A Queen's University student believes she has cracked the code of staying ahead of insurance fraudsters.
PhD student Jiawen Sun from Tianjin in China specialises in big data and has been working on the anti-fraud software for three years.
Her programme is designed to rapidly sift through large quantities of an organisation's data and detect insurance fraud.
"Organisations are collecting increasing amounts of data, which is usually represented by graphs and can be useful for detecting fraud," she explains.
"However, as data sets grow into the trillions of bytes and beyond, this creates problems in high-performance computing, making it very hard to use the computer at full capacity."
Her research was carried out at the Queen's School of Electronics, Electrical Engineering and Computer Science and the Institute of Electronics, Communications and Information Technologies (ECIT).
She has previously spoken of how after completing her undergraduate degree in China, her grandmother inspired her to pursue a scientific PhD abroad, and of how decoding big data can change the world.
"I am fascinated by this research in particular because it offers opportunities to improve or change many aspects of our daily lives," she told Soapbox Science last year.
"(This includes) predicting and managing climate and weather; detecting health issues of individuals and enabling timely treatment; and social network analytics."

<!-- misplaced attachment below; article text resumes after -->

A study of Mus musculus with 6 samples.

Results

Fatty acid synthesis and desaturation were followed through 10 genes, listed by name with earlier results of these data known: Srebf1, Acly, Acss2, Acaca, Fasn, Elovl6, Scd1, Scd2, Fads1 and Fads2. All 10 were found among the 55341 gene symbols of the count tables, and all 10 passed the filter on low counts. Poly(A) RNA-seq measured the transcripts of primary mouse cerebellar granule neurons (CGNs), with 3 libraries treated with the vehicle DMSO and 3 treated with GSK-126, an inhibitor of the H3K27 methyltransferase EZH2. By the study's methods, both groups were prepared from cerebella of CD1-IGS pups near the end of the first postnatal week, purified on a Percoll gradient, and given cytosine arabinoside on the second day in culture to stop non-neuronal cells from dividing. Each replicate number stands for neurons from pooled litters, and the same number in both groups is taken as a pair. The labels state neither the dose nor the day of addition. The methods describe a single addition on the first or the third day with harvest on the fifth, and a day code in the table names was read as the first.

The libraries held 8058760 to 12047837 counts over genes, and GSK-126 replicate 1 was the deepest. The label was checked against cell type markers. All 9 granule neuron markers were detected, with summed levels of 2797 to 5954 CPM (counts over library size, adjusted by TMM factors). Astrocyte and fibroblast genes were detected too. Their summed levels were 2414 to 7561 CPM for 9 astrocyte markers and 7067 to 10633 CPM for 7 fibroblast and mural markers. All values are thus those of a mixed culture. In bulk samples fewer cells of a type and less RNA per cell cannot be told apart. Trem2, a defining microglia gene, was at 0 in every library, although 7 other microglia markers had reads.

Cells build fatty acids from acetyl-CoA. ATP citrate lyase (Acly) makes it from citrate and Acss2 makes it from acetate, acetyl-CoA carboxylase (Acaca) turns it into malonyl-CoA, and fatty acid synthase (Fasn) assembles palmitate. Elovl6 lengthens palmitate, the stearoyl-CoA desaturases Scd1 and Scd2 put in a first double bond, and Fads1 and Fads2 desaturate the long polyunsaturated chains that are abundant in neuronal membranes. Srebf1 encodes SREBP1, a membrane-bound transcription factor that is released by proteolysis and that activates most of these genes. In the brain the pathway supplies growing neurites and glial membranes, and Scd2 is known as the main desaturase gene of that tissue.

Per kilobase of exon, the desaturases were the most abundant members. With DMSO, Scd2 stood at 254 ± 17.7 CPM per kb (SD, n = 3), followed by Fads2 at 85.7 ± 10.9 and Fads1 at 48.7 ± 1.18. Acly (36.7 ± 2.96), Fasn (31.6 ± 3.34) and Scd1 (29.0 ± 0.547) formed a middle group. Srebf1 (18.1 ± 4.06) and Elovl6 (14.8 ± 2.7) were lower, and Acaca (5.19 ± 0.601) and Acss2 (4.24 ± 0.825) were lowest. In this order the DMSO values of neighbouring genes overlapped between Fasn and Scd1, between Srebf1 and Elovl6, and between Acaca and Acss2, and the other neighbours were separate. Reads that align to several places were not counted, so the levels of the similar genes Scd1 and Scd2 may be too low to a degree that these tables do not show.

Dr Hans Vandierendonck supervised the project and said her work could be "extremely valuable" in disrupting fraudsters.
"These techniques accelerate graph analytics up to ten-fold, which is a game-changer for many organisations, allowing them to tap into analysis that they have never used before and at a much faster pace."
He said Jiawen's work now outperforms many of the current state-of-the-art programmes.
Ms Sun recently received a Silver medal at a computing machinery student competition, sponsored by tech giants Microsoft.
It will be hoped her new innovation will go some way to reducing over £1bn in fraudulent insurance claims in the UK each year.
The Association of British Insurers (ABI) say that in 2016, insurers detected 125,000 dishonest insurance claims valued at £1.3bn.
The real figure is believed to be much higher, with a similar amount undetected each year.
At present, the insurance industry invests £200m a year to tackle fraud.
The offences can range from opportunists inventing or exaggerating claims to highly organised criminal gangs engaged in 'cash for crash' motor fraud scams.